Boeing's 747-8 touches down for the first time
Before thousands of fans and company heavyweights at Seattle's Boeing Field, the aviation giant's next-generation 747 made its first landing. Now comes a wide variety of tests and, the company hopes, first commercial delivery later this year.
SEATTLE--With the beautiful snow-covered mountains of Washington state behind it, Boeing's 747-8 Intercontinental made its first-ever landing today, four-and-a-half hours after taking off on.
The flight went about as well as could be expected, 747 chief pilot Mark Feuerstein said in a brief press conference at Boeing Field here, minutes after the plane touched down at 2:25 p.m. PT.
The plane, with its unique red, orange, and white livery, took off at 9:58 a.m. PT from Paine Field in Everett, Wash., and headed immediately toward the Olympic Peninsula, Feuerstein told the crowd gathered for the landing celebration, and then ultimately out to the tip of Washington state.
Along the way, he and co-pilot Paul Stemer took the plane, which is Boeing's longest, fastest, and in theory, most fuel- and cost-efficient ever, up to 20,000 feet and to 250 knots. They also flew it as slow as 105 knots during some of the approaches to stall tests. During the flight, they worked on a series of tests, including simple approaches to stalls, a couple of directional stability tests, and some functional checks of the airplane's systems. And, Feuerstein reported, everything went well, and the plane is "actually ready to go fly right now."
Although Boeing made the first flight of the 747-8 freighter on February 8, 2010, it waited until today to put the passenger version of the plane in the air. But Feuerstein said that, from the pilot's perspective, the wait was worth it. During the interim, Boeing implemented many changes and upgrades to the five 747-8 freighters in its test fleet. But while each of those planes has had a slightly different set of updates, the Intercontinental has benefited from all the various changes made as part of the freighter program. "The changes we've made on the freighter have been rolled into this airplane," Feuerstein said of the Intercontinental. "All those changes have been rolled into one airplane."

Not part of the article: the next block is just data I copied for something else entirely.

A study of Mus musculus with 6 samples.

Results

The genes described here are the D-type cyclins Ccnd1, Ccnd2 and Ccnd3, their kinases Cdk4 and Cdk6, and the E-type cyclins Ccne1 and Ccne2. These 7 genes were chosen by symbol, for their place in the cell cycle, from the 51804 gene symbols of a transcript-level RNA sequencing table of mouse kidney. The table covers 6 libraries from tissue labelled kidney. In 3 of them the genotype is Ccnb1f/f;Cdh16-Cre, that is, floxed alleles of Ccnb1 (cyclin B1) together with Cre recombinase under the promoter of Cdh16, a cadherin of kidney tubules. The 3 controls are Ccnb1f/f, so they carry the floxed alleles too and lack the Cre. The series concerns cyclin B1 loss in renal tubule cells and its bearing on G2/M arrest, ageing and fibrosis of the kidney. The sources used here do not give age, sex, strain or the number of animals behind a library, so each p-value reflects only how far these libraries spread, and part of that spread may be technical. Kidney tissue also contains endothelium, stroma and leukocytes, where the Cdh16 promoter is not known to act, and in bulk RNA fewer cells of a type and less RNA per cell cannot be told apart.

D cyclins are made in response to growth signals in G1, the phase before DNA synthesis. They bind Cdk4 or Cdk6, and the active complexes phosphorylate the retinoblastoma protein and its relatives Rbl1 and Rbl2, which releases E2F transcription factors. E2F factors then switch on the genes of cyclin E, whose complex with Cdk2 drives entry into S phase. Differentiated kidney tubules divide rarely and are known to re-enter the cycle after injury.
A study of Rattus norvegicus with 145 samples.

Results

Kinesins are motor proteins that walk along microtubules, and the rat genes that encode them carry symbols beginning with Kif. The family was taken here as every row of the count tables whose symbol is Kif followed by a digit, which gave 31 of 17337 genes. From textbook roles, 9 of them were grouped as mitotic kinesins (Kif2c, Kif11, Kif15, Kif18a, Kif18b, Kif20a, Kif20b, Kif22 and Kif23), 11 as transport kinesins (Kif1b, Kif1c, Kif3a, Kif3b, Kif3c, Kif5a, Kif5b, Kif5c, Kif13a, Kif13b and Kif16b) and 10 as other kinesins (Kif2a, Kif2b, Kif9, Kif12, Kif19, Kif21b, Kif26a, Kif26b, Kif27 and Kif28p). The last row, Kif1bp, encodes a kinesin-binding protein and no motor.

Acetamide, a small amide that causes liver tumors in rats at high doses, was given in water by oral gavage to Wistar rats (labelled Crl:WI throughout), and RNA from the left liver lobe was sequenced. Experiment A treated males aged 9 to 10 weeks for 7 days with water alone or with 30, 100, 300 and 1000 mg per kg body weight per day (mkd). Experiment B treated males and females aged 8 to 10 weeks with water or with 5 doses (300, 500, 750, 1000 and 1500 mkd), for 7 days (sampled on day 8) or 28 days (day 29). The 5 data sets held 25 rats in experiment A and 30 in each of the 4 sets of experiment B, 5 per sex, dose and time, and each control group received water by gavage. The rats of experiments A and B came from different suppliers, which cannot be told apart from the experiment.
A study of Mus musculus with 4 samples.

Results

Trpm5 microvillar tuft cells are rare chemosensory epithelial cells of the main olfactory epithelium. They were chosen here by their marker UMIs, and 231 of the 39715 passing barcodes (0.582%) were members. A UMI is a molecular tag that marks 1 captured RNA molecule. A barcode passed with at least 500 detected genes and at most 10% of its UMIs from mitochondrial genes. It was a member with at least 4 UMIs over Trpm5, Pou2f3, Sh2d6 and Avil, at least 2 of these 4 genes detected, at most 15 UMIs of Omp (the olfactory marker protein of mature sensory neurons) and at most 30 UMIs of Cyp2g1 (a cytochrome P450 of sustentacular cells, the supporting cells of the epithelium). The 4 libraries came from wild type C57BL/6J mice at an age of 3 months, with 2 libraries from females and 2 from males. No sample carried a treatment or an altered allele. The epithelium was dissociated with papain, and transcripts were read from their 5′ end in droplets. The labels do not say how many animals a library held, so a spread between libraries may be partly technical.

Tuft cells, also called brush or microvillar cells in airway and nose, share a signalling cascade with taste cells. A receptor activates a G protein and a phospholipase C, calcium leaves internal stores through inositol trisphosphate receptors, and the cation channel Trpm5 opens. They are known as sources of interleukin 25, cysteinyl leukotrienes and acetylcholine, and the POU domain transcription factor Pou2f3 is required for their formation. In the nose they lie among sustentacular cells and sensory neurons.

One test that he and Stemer put the Intercontinental through today was what he called a "steady heading side slip," which involves putting "the rudder all the way to the floor, and keeping the airplane tracking in the same direction by rolling the airplane," Feuerstein said. Essentially, that means they were flying the plane "sideways, but in a straight line." The idea is that seeing how it performs in such a test "tells us a lot about how it behaves...fortunately, it didn't surprise us at all."
Now that the first flight of the Intercontinental has been completed, Boeing plans on conducting about 600 hours of flight testing throughout the summer and fall, said Elizabeth Lund, the vice president and general manager of the 747 program. Then, sometime in the fourth quarter, she added, Boeing hopes to make its first customer delivery of the plane.
Boeing bills the new 747-8 as the next-generation of its most iconic plane and as the most fuel- and cost-efficient passenger aircraft it has produced. One major highlight is its new wing design. Created using what Boeing calls "the latest in computational fluid dynamics validated in the world's most sophisticated wind tunnels," the all-new wings are said to offer better aerodynamics and improved fuel capacity, while also allowing the plane to be as fast as, or faster than, any other passenger aircraft in the world.
The new wing design sports "fly-by-wire spoilers and ailerons that make it possible to incorporate a flight control feature known as a maneuver load-alleviation system," Boeing said. "Pioneered on the 787 Dreamliner, it changes the lift distribution over the wing during nonnormal flight conditions, reducing the load on its outboard portion." This means a smaller wing structure that is 1,400 pounds lighter than that used on the 747-current-generation 747-400, while not compromising structural integrity.
Boeing is aggressively touting the plane's economic and green credentials: it is the only passenger plane in the 400- to 500-seat market, its four General Electric GEnx 2B engines use 16 percent less fuel per seat than those on the 747-400 and 11 percent less than does Airbus' giant A380.
This is all possible, Boeing said, because of its use of advanced materials in the construction and design of the plane, as well as its use of the GEnx engines, and the form factor and materials of its wings. While most of the plane is made from new aluminum alloys, it also incorporates graphite composites in the rudder, spoilers, flaps, and other areas.
As designed, the 747-8 Intercontinental will carry 467 passengers in a three-class configuration and has a range of 8,000 nautical miles. The freighter version of the 747-8 can fly up to 4,390 nautical miles. The Intercontinental has a wing span of 224 feet, 7 inches, and is 250 feet, 2 inches long. Its tail towers to 63 feet, 6 inches high. And its four GEnx-2B67 engines produce 66,500 pounds of thrust. The passenger plane's top cruising speed is Mach 0.86, while the freighter can fly at Mach 0.845.